Bayer HealthCare has started a Phase III trial of riociguat, a soluble guanylate cyclase (sGC) stimulator, to treat children suffering from pulmonary arterial hypertension (PAH).
Since 2013, riociguat has been approved to treat adults suffering from this life-threatening lung disorder.
Riociguat is being developed and commercialised as part of Bayer's worldwide strategic collaboration with Merck in the field of soluble guanylate cyclase (sGC) modulation.
Bayer HealthCare Executive Committee member and Global Development head Dr Joerg Moeller said: "Taking into account the poor prognosis for children with pulmonary arterial hypertension, new medications are needed.
"In clinical studies riociguat has proven to be effective and well tolerated for adults, and now with our new study we will investigate its safety profile in children suffering from pulmonary hypertension."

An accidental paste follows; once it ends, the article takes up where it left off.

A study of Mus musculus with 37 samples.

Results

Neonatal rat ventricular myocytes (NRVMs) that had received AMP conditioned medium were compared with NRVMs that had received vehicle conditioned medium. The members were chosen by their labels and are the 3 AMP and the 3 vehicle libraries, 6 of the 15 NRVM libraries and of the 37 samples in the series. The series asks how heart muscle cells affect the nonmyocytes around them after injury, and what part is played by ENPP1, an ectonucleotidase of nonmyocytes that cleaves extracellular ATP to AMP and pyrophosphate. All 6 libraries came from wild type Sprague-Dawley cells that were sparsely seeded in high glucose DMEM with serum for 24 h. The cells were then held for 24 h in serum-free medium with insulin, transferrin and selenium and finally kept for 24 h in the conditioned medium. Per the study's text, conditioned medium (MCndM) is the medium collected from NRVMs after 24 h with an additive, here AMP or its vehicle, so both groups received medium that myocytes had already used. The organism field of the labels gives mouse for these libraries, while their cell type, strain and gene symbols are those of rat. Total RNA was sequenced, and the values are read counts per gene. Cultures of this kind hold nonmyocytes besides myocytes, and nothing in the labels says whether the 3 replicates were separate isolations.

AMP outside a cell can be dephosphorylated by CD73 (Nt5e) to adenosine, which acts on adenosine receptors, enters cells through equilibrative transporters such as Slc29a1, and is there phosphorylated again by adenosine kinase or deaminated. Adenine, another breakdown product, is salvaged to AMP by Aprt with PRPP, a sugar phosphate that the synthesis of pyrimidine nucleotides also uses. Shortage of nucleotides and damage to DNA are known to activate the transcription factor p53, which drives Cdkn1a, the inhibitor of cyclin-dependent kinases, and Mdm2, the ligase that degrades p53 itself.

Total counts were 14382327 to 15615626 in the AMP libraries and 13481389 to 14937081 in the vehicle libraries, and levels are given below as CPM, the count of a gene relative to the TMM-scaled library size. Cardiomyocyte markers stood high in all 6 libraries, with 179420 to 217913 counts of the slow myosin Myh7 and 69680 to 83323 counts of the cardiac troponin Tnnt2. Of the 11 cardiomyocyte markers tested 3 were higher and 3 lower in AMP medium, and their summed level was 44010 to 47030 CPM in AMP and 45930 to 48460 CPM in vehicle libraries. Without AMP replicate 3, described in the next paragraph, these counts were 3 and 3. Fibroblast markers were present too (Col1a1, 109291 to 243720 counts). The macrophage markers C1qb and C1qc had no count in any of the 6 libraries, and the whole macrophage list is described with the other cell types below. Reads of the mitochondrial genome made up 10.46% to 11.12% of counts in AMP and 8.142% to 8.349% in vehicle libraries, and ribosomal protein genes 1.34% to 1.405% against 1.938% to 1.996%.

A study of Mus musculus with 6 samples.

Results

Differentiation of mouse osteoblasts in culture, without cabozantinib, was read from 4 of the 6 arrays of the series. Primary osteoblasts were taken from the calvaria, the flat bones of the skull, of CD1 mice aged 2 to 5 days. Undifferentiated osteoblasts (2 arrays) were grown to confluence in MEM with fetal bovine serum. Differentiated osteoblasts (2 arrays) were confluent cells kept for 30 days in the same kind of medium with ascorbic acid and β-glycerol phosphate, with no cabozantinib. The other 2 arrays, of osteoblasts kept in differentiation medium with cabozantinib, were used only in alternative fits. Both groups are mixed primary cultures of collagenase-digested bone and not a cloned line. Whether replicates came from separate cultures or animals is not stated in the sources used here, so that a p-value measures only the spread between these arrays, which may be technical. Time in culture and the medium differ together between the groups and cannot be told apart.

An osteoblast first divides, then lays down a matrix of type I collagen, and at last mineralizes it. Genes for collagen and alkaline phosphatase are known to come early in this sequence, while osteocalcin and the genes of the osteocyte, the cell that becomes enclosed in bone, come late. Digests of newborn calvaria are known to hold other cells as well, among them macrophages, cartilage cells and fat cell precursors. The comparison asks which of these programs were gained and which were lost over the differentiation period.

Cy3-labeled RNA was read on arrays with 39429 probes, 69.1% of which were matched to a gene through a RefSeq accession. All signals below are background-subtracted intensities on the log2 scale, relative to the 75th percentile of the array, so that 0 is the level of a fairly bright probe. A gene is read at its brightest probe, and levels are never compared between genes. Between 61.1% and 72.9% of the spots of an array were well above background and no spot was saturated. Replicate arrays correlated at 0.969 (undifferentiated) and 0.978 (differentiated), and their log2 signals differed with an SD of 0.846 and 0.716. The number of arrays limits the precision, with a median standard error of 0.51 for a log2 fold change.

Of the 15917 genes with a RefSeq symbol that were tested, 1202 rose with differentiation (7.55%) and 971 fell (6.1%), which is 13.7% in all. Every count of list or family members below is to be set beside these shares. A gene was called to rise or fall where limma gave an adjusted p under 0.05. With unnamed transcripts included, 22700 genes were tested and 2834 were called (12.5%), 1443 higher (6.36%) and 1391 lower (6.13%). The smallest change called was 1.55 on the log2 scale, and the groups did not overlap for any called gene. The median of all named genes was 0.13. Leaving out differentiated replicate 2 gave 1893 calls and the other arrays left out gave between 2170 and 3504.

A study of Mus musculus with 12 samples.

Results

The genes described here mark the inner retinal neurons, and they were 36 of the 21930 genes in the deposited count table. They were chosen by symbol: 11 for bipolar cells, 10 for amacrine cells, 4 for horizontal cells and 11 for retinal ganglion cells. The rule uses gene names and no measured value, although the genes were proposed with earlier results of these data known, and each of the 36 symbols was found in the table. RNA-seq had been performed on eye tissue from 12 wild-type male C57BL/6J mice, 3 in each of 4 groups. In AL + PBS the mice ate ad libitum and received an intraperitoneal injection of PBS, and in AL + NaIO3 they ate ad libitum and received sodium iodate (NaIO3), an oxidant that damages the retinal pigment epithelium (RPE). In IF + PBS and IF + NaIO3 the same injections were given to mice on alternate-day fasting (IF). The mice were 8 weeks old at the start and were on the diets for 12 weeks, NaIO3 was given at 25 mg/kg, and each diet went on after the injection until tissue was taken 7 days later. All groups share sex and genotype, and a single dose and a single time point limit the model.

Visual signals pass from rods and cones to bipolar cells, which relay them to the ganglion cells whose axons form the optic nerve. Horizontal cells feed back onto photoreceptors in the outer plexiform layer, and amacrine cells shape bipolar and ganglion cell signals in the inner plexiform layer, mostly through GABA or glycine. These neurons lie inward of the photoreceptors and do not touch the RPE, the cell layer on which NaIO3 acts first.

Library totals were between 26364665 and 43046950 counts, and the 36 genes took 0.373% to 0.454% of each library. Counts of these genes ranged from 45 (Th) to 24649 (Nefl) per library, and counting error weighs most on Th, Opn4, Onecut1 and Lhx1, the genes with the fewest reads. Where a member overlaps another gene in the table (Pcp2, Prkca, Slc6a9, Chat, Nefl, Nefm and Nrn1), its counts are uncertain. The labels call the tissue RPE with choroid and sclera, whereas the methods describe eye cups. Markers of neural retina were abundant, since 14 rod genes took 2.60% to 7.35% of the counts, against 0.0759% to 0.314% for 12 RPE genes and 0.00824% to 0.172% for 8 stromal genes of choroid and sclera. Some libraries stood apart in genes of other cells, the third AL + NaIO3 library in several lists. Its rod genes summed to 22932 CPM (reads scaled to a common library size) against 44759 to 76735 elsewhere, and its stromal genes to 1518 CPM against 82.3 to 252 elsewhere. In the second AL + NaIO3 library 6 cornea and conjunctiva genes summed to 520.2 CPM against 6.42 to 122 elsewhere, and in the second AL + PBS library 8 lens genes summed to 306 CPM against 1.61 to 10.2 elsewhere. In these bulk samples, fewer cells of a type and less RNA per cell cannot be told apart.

Pulmonary hypertension (PH) can occur at any age, from infancy to adulthood, and data on paediatric epidemiology remains rare and the exact incidence and prevalence of PH in children is not known.
Currently, there are only two approved treatment options available for children with PAH.
The international, multicentre, single-arm, open-label PATENT-CHILD trial will evaluate the safety, tolerability and pharmacokinetics of a body-weight adjusted, riociguat regimen in children aged between six years and less than 18 years of age.
The drug will be evaluated in children who have been diagnosed with idiopathic, hereditary, or PAH associated with connective tissue disease or congenital heart disease with shunt closure.
Riociguat is the first member of a distinct class of compounds discovered and developed by Bayer as an oral treatment to target a key molecular mechanism underlying PH.
In October 2013, riociguat (Adempas) was approved in the US for use in inoperable chronic thromboembolic pulmonary hypertension (CTEPH) or persistent or recurrent CTEPH after surgery and in PAH.
In March 2014, riociguat was been granted orphan drug designation in the EU and US. It was also approved by the European Medicines Agency (EMA) under the name Adempas for use in CTEPH and PAH.
In Japan, the drug has been granted orphan drug designation in the CTEPH indication and was approved in CTEPH in January 2014 and in PAH in February this year.